Adjudication is such a scary word! So much authority and power in this one word, which creates a quiet tension as dancers wait to hear how their dances performed. And, as our dancers await their adjudication sitting in front of the audience on the stage under the bright lights, we as parents sit nervously in our seats hoping for the best results possible.
Who are the judges who watch our girls dance for 2 to 3 minutes after putting in hours of work to take the stage? What is a day in the life of a judge really like?
As a busy parent with a busy dancer, it was time to sit down with Miss Jillian and find out what is going on in her life as a judge! Many of us know she has traveled a lot this winter and spring to adjudicate dancers from other studios across the country. Here is what Miss Jillian had to say:
How many competitions have you judged this year? For my first season, I have judged five events. Four of them have been for Spotlight Dance Cup and the fifth was for AMP (ART, MUSIC, PASSION) Dance Competition.
Where have these competitions been held? My first event was in Youngstown, Ohio. Then, I traveled to Denver, Colorado with my son, Charlie, and he worked as a backstage manager and social media manager for Spotlight Dance Cup. My AMP event was in Chicago and the talent was very strong. Next, I judged in Davenport, Iowa and was lucky to be in the same city with Charlie again. All of these competitions were a standard day and a half event. The final competition was my only three day judging event in Des Moines, Iowa. It was long, but very rewarding since my judging partners were amazing and the talent was very strong as well.
Why did you choose to judge? I decided to begin judging when I was personally asked to apply for judging positions by two of my friends who run events. My friend Stacy Paydo, who is a Radio City Rockette, hires the judges for Spotlight Dance Cup. She invited me to judge after observing me in our studio setting choreography and working with our talented dancers. Suzy Hall, who hires judges for AMP, is also the director of professional tap company Tap 24.7. I have been a member of the tap company for the past two years. Their faith in my ability and the value they place on my knowledge was a big factor in my decision to add judging to my professional life.
What is your favorite part about judging? I enjoyed so many things about my judging weekends. I truly enjoyed being able to share my knowledge and guidance to both teachers and dancers. I know I can not change everyone’s life in one weekend, but I hope to have an impact on both growing teachers and dancers. I also enjoy seeing trends from around the country that I can bring back to my own dancers. The networking with other professionals at each event was such a great experience for me. I met professional dancers who guest teach and are potential future guest artists for our dancers, dance instructors from around the country, and people who work in other facets of the performing world including aerial artists.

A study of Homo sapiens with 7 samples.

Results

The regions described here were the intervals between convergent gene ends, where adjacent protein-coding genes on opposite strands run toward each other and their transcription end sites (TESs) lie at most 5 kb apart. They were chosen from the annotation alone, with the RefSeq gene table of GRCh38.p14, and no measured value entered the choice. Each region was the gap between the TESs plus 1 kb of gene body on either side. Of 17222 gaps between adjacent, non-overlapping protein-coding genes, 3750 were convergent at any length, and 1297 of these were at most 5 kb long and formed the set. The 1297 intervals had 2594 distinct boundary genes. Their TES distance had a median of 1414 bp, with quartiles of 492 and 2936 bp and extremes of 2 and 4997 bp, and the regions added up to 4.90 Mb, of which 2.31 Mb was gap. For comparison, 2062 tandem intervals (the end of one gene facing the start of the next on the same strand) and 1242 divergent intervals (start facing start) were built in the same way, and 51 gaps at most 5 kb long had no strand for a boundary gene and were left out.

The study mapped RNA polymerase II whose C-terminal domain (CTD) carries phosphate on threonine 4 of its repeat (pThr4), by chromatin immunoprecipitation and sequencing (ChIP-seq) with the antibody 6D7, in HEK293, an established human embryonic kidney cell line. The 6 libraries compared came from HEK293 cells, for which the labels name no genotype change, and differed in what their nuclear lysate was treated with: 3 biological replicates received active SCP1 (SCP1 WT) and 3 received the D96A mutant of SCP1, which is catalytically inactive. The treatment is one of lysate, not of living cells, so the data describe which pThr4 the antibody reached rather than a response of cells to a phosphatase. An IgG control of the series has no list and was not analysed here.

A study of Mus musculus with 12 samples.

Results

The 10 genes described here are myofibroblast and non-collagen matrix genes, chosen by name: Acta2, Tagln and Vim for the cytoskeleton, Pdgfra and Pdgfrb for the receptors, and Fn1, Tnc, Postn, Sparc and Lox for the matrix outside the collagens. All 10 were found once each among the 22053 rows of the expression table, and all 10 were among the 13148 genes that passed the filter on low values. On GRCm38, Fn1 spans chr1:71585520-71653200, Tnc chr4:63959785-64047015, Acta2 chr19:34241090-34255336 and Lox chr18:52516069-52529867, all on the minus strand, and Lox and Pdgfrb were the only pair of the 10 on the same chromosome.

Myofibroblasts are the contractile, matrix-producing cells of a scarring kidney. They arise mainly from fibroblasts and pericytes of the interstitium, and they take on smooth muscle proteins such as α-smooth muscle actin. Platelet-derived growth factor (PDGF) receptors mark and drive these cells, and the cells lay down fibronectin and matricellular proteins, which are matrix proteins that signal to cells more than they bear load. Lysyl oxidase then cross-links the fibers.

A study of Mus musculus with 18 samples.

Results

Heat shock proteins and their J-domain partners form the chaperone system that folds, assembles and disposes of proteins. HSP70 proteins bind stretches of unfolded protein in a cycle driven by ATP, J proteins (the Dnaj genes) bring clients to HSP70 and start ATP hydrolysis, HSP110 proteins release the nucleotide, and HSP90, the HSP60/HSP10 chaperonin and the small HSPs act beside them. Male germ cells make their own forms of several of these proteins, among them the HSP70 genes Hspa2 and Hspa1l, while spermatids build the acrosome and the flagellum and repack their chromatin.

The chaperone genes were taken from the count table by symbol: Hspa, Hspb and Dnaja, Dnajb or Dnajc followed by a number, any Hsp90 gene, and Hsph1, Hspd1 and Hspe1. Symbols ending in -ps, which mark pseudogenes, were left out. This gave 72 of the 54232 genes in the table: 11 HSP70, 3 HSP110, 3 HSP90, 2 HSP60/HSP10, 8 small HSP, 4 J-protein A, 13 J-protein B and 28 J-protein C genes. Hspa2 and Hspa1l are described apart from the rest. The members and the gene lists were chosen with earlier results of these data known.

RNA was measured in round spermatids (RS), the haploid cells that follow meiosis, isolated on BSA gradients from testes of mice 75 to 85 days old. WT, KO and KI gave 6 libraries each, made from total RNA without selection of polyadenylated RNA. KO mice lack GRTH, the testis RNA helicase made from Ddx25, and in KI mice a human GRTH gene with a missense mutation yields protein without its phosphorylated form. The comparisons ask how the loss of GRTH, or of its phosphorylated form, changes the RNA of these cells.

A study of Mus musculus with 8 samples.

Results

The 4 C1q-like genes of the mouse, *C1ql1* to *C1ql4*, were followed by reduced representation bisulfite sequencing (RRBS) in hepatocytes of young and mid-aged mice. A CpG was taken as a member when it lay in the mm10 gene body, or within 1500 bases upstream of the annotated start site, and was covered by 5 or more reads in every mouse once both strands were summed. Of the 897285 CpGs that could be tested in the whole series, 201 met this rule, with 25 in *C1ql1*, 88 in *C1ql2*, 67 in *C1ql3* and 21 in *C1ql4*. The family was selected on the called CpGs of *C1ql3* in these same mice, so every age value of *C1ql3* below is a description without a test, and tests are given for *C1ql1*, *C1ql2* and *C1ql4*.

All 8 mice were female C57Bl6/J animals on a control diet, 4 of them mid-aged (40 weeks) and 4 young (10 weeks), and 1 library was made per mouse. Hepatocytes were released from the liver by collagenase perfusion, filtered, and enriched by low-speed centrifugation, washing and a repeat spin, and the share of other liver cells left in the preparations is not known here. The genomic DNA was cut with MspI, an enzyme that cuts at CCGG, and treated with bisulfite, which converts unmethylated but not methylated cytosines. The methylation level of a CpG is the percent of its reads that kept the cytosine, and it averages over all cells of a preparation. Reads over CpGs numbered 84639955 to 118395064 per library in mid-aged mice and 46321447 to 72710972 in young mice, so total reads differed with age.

Can you describe a memorable moment? I was very nervous for my first event. After judging I have a much greater appreciation for the judges that work the events that our dancers attend. It is a great responsibility to coordinate a sound and valid critique, as well as choose special awards and judges choice awards. It is also imperative that you give equally strong feedback to the 2nd number of the event as to the 2nd to last number of the event.
What is one thing you have learned as a judge? The biggest thing I have learned is that the moral code that my husband and I live by with our dancers and families is the right choice. I have been able to see and judge many dancers, and it makes me proud that we strive to present our dancers in the most appropriate costuming and movement styles.
And finally, if you could take your team to any competition you have judged this year regardless of time/travel/expense, which one would it be and why? The Chicago events present a strong level of talent. I believe it would be beneficial for our dancers to attend events in the Chicago area.
Thank you, Miss Jillian, for all you do for the DDD family. Your passion for dance and your investment, not only in your own education but in our dancers’ education as well, does not go unnoticed. Thank you for providing a strong pre-professional program at DDD!